Scottish fans fuming over lack of facilities in London ahead of England game

The Tartan Army has already descended on London but are furious at being hit with no-go areas ahead of Friday's clash at Wembley

Scots have travelled south in their droves to get the party started over 24 hours before watching the national side kick-off against England in Group D of Euro 2020.

However they were angry to find their traditional party spot of Trafalgar square, surrounded by barriers and no other safe fan zone set up specifically for travelling support, the Daily Record reports.

A sea of supporters wrapped in flags and dressed in kilts started flooding King's Cross station on Thursday with packed-out trains arriving from Glasgow.

Rather than rest up ahead of what is set to be a riotous match day, fans pitched up outside the station to make their voices heard.

Despite just 3,000 tickets issued to the travelling support, up to 20,000 Scots are expected to cram into parks and pubs across London to watch Steve Clarke's men at 8pm, The Sun reports.

Yet Trafalgar Square is not one of them.

Liam Moore, from Dalkeith, said: "It was obvious that thousands of Scots would be coming down – ticket or no ticket – so they should have arranged facilities.


"What will happen is big numbers of fans getting together in any case. But we’re not that bothered as we’ll have a good time anyway."

H&M worker Liam, 23, said his biggest concern was getting a safe place to see the match.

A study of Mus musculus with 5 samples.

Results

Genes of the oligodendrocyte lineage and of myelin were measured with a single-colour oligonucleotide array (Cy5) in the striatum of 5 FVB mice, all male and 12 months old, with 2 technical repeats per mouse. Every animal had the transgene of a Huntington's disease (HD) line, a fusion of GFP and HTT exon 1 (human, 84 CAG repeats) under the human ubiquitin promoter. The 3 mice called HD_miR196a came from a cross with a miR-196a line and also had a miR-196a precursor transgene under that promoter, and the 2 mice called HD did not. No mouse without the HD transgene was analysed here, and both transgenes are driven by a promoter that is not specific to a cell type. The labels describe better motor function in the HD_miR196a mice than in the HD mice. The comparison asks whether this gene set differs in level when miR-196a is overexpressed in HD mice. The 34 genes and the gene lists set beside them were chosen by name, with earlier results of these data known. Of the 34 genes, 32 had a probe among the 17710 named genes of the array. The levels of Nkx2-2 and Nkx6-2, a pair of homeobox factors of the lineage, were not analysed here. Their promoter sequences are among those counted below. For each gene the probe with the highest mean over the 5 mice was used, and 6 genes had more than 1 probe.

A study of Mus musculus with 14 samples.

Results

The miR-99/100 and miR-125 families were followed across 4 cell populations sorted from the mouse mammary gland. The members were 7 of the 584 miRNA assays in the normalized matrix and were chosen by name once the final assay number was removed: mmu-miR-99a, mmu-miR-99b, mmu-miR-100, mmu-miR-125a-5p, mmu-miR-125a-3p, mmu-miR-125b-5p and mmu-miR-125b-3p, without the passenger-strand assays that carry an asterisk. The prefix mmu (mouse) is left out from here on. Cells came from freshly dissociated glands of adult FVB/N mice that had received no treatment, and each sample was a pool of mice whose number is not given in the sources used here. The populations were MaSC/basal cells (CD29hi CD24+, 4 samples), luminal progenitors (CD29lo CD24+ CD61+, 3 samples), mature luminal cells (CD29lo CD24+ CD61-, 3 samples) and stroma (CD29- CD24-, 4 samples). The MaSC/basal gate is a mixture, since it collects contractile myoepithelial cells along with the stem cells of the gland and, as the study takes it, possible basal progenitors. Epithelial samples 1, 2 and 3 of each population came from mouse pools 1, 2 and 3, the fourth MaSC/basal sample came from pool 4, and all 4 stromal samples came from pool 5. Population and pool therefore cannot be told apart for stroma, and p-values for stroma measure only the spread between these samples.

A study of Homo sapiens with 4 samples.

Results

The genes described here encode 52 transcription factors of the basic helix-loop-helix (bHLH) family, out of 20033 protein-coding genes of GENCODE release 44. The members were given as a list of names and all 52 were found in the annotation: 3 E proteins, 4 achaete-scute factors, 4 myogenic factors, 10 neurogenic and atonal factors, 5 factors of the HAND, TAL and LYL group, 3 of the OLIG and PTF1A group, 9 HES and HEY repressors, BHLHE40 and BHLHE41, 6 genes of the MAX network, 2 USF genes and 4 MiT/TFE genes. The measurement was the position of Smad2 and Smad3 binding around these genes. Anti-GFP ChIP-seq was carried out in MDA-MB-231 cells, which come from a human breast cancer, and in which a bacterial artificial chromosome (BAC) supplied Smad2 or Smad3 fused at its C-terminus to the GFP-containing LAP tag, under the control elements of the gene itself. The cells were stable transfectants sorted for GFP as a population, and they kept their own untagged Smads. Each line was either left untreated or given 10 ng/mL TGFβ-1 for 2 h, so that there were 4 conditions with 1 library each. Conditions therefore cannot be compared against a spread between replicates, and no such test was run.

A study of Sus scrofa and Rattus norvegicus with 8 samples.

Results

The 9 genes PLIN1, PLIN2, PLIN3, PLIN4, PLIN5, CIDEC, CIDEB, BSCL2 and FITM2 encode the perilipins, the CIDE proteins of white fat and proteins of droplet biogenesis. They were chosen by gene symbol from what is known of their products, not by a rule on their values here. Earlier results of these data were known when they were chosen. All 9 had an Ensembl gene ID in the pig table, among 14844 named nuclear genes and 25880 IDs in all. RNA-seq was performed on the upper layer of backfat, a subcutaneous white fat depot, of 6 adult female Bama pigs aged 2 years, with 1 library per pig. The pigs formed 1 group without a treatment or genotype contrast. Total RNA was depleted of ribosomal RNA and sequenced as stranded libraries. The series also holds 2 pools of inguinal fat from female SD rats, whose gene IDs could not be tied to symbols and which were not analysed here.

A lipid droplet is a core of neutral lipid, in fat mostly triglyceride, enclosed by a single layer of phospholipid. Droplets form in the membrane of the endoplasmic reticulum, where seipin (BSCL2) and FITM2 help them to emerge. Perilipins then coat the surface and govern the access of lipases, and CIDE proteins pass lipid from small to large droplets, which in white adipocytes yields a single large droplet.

"We want to avoid a situation of wandering about before kick-off with a good screen and commentary for the match. We’re still working on that."

Some fans even suggested they would invade Hyde Park for the game even though no giant screens have been erected for the tournament.

One Scot who has not had to arrive in the capital by rail is Sarah Dollard who proudly flies the Saltire outside her flat, in what has been dubbed England's most patriotic housing estate.

The 31-year-old is outnumbered by 500 St George's on the Kirby estate in Bermondsey, south London and says "it has had everyone talking".

Sarah has lived on the south London estate her entire life but supports the Scots as a result of her Glaswegian dad Mick, 64, The Scottish Sun reports.


"It’s a great laugh. It has had everyone talking.

"Everyone has found it hilarious. I thought I would display the Saltire to show my support for Scotland.

"People have been trying to change my mind and tell me I should swap to England because they’re going to go further. But I’m happy to support Scotland.

"I’m confident we’ll win. I know England have had a much better start but this is where the form book gets thrown out the window.

"It could bring us right back into the competition."

Scotland's 2-0 defeat to the Czech Republic on Monday was their first fixture at any international competition since 1998 but the result looks to have done little in the way of dampening spirits.

The latest instalment of the oldest fixture in international football will matter even more than when they most recently clashed at Wembley with World Cup qualification at stake in 2016.

That day under the Wembley arch, it was Daniel Sturridge, Adam Lallana and Gary Cahill who netted for the home side in a 3-0 win over the Auld Enemy.

You have to go back 20 years for the last time the sides faced off in a European Championship, which holds better memories for Three Lions fans than those north of the border.

Gazza celebrated his goal in a 2-0 win with his now infamous dentist chair celebration at the old Wembley stadium.

Gareth Southgate's stars will hope the 20,000 home fans will be enough to drown out even the liveliest of Scotland supporters in attendance.